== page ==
A sweepstakes parlour refers to a business model that offers consumers a chance at winning prizes, based on their willingness to spend money on a specific product. One system involved offering customers one hundred chances to win a prize, for every dollar they added to a phone card. Once the purchase had been made, the buyer was allowed to access an electronic terminal, which redeemed the chances of winning and informed the buyer if they had been granted a prize. The terminal is generally housed in a small room or parlour, hence the term sweepstakes parlour.
The norm is for the parlour to strongly resemble a casino environment, and the electronic terminal to come in the form of a wheel of fortune styled device. What the odds are of consumer winning is not fully known, since these parlours are said to not fit the definition of gambling, and so remain unregulated under traditional gambling laws. For this reason, and for many other reasons, these parlours have come under tremendous scrutiny, and have been banned in many parts of the world.
Business Model And History
This business model has come under much scrutiny over the years, with many ongoing cases that have yet to reach a conclusion, with many other cases resulting in a ban of the business model altogether. Detractors insist that the business model is nothing short of luring customers in a highly unscrupulous way, tricking them into buying products they would otherwise not be interested in. Others insist that since the consumer is not directly placing down money as a bet, that the system is not what is referred to as gambling.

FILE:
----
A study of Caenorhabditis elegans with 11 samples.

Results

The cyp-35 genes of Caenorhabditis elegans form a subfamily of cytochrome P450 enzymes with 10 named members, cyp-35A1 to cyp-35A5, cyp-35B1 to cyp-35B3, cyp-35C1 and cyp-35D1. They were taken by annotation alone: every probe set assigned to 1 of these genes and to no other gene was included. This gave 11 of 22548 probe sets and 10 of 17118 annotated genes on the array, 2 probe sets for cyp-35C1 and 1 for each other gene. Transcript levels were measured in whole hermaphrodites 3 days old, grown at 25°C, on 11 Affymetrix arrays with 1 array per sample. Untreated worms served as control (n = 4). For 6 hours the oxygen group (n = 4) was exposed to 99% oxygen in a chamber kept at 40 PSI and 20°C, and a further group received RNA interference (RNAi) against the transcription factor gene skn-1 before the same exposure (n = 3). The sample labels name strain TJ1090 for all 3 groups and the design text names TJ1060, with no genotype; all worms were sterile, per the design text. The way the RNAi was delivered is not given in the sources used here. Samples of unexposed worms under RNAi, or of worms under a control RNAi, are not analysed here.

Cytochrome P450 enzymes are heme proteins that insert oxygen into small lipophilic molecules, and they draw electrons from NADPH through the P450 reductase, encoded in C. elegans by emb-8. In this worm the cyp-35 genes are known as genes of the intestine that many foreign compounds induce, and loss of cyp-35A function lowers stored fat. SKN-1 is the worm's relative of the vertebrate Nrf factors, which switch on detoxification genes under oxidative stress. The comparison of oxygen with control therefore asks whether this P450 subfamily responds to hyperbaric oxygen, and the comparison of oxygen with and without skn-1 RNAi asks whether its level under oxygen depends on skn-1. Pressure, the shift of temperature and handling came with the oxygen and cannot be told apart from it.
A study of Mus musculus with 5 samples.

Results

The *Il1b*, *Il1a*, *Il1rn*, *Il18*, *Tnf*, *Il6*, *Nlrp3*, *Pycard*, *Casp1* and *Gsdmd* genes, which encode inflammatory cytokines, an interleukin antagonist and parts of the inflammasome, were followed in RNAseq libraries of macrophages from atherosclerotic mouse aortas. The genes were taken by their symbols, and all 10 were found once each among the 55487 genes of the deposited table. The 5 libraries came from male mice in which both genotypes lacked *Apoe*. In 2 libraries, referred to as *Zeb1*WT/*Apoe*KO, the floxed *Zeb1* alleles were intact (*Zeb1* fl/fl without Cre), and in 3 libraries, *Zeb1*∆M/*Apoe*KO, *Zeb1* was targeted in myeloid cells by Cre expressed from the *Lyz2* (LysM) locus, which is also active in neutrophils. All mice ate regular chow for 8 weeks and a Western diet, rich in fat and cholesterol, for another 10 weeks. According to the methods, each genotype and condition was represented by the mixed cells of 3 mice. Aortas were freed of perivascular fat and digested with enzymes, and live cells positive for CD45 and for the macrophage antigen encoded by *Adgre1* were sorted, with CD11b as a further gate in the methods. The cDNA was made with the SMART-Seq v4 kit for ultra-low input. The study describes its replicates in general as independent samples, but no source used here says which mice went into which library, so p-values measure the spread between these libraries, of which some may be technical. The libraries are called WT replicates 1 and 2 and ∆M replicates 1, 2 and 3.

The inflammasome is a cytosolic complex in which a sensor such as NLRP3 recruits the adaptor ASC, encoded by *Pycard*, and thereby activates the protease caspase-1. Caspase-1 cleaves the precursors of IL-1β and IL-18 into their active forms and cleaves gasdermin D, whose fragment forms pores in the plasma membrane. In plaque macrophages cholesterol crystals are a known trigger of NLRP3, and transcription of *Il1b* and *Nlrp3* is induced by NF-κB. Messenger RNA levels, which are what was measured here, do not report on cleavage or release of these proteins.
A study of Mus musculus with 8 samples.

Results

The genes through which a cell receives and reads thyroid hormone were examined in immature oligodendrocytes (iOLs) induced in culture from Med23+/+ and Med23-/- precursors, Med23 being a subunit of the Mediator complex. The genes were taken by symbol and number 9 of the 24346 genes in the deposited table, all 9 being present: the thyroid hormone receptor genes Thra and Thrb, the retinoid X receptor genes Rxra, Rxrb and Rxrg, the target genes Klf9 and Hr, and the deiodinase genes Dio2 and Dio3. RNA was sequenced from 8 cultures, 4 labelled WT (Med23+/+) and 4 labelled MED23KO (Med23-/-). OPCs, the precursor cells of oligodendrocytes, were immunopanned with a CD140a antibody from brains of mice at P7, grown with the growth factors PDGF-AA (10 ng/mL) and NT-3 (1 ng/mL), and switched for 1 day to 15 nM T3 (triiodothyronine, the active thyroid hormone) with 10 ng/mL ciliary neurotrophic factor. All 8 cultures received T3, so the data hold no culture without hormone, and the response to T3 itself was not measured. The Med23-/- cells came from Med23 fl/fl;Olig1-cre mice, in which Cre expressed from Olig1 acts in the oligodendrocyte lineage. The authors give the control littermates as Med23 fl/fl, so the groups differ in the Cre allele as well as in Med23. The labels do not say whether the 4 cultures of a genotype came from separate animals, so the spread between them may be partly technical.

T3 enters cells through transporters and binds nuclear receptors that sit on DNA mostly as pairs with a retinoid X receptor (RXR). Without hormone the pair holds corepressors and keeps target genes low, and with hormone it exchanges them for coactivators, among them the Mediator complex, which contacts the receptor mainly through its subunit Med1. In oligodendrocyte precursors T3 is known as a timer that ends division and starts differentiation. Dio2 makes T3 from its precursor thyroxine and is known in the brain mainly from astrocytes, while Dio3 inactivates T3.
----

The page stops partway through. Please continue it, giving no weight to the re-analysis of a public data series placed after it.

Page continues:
Whatever the truth of the situation may be, the parlours first appeared in parts of the south of the United States, and were met with such overwhelming success that the rest of the country was quick to jump on board. Sweepstakes parlours frequently appeared beside strip malls, which were already considered to be questionable in their nature by many, and the addition of the new highly apposed system did not improved the reputation for these areas. As long as the systems remain legal, they are sure to keep appearing where they are allowed. For the most part, however, the systems are not allowed and have been banned.
Gambling Versus Sweepstakes Parlours
Any game of chance in a casino is clear about its intentions. A gambler is, essentially, placing a bet on a prediction of an outcome. The money is put down, the event occurs, and if the bet maker was correct, they receive a payout. That is to say, games of chance and gambling have clear cut rules. A sweepstakes parlour is a different set of rules altogether. A gambler purchases a product, which they may or may not want, and is rewarded for this purchase by being given an unregulated chance at winning prizes. In one court case the federal government requested access to the financial records of a parlour operator, which would help make an informed decision about the legality of the process. Rather then allow access, the operators opted to rather close down the parlours altogether. This instance should give some idea as to how fair and legal the systems were.